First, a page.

The usual way to define a face is through the defface macro. This macro defines a face name, and associates that name with a set of face attributes. It also sets up the face so that the user can customize it via the Customize interface (see Customization).

— Macro: defface face spec doc [keyword value]...

This macro declares face as a customizable face whose default attributes are given by spec. You should not quote the symbol face, and it should not end in ‘-face’ (that would be redundant). The argument doc is a documentation string for the face. The additional keyword arguments have the same meanings as in defgroup and defcustom (see Common Keywords).

When defface executes, it defines the face according to spec, then uses any customizations that were read from the init file (see Init File) to override that specification.

When you evaluate a defface form with C-M-x in Emacs Lisp mode (eval-defun), a special feature of eval-defun overrides any customizations of the face. This way, the face reflects exactly what the defface says.

The spec argument is a face specification, which states how the face should appear on different kinds of terminals. It should be an alist whose elements each have the form

          (display . plist)

display specifies a class of terminals (see below). plist is a property list of face attributes and their values, specifying how the face appears on such terminals. For backward compatibility, you can also write an element as (display plist).

The display part of an element of spec determines which terminals the element matches. If more than one element of spec matches a given terminal, the first element that matches is the one used for that terminal. There are three possibilities for display:

This element of spec doesn't match any terminal; instead, it specifies defaults that apply to all terminals. This element, if used, must be the first element of spec. Each of the following elements can override any or all of these defaults.
This element of spec matches all terminals. Therefore, any subsequent elements of spec are never used. Normally t is used in the last (or only) element of spec.
a list
If display is a list, each element should have the form (characteristic value...). Here characteristic specifies a way of classifying terminals, and the values are possible classifications which display should apply to. Here are the possible values of characteristic:
The kind of window system the terminal uses—either graphic (any graphics-capable display), x, pc (for the MS-DOS console), w32 (for MS Windows 9X/NT/2K/XP), or tty (a non-graphics-capable display). See window-system.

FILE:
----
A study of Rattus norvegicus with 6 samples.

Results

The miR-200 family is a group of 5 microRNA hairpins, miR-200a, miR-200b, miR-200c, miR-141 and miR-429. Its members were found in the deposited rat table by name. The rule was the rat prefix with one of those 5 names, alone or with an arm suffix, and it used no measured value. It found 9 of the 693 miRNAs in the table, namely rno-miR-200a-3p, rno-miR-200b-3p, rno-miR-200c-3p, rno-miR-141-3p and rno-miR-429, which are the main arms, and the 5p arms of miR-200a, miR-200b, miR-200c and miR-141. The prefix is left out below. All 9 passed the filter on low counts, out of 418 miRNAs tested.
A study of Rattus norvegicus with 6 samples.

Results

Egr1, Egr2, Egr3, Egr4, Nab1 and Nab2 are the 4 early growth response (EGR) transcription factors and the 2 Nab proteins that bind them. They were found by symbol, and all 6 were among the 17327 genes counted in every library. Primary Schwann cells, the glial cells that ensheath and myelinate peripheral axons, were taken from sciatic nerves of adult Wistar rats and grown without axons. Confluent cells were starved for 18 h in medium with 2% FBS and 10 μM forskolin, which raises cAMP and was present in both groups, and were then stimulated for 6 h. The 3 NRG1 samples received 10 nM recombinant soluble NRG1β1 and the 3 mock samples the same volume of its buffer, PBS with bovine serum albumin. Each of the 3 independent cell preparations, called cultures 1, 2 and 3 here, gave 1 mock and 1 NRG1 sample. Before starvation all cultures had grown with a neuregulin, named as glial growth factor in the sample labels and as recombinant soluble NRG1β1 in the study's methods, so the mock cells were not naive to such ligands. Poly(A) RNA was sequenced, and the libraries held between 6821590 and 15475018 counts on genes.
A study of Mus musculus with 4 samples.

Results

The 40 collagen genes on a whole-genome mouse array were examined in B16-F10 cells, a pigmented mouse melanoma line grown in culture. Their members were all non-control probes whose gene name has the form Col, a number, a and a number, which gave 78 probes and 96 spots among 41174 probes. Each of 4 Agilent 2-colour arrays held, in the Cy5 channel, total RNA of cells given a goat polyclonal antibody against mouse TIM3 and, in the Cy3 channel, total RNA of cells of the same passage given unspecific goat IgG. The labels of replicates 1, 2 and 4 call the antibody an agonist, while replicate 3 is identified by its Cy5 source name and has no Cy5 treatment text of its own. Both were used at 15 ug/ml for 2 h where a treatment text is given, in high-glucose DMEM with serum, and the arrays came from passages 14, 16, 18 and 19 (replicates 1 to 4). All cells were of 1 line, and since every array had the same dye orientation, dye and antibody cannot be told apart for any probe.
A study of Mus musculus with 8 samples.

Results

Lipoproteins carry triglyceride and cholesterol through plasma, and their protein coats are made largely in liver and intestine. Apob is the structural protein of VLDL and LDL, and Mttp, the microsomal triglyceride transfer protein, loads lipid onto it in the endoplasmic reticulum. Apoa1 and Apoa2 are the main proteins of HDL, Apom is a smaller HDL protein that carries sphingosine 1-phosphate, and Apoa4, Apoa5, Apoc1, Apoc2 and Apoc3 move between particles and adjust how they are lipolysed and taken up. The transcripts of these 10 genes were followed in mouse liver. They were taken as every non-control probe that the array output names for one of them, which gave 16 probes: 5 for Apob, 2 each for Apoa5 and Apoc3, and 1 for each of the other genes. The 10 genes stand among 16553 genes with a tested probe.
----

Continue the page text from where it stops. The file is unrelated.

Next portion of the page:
What kinds of colors the terminal supports—either color, grayscale, or mono.
The kind of background—either light or dark.
An integer that represents the minimum number of colors the terminal should support. This matches a terminal if its display-color-cells value is at least the specified integer.
Whether or not the terminal can display the face attributes given in value... (see Face Attributes). See Display Face Attribute Testing, for more information on exactly how this testing is done.

If an element of display specifies more than one value for a given characteristic, any of those values is acceptable. If display has more than one element, each element should specify a different characteristic; then each characteristic of the terminal must match one of the values specified for it in display.

Here's how the standard face highlight is defined:

     (defface highlight
       '((((class color) (min-colors 88) (background light))
          :background "darkseagreen2")
         (((class color) (min-colors 88) (background dark))
          :background "darkolivegreen")
         (((class color) (min-colors 16) (background light))
          :background "darkseagreen2")
         (((class color) (min-colors 16) (background dark))
          :background "darkolivegreen")
         (((class color) (min-colors 8))
          :background "green" :foreground "black")
         (t :inverse-video t))
       "Basic face for highlighting."
       :group 'basic-faces)

Internally, Emacs stores the face's default specification in its face-defface-spec symbol property (see Symbol Properties). The saved-face property stores the face specification saved by the user, using the customization buffer; the customized-face property stores the face specification customized for the current session, but not saved; and the theme-face property stores an alist associating the active customization settings and Custom themes with their specifications for that face. The face's documentation string is stored in the face-documentation property. But normally you should not try to set any of these properties directly. See Applying Customizations, for the custom-set-faces function, which is used to apply customized face settings.

People are sometimes tempted to create variables whose values specify a face to use. In the vast majority of cases, this is not necessary; it is preferable to simply use faces directly.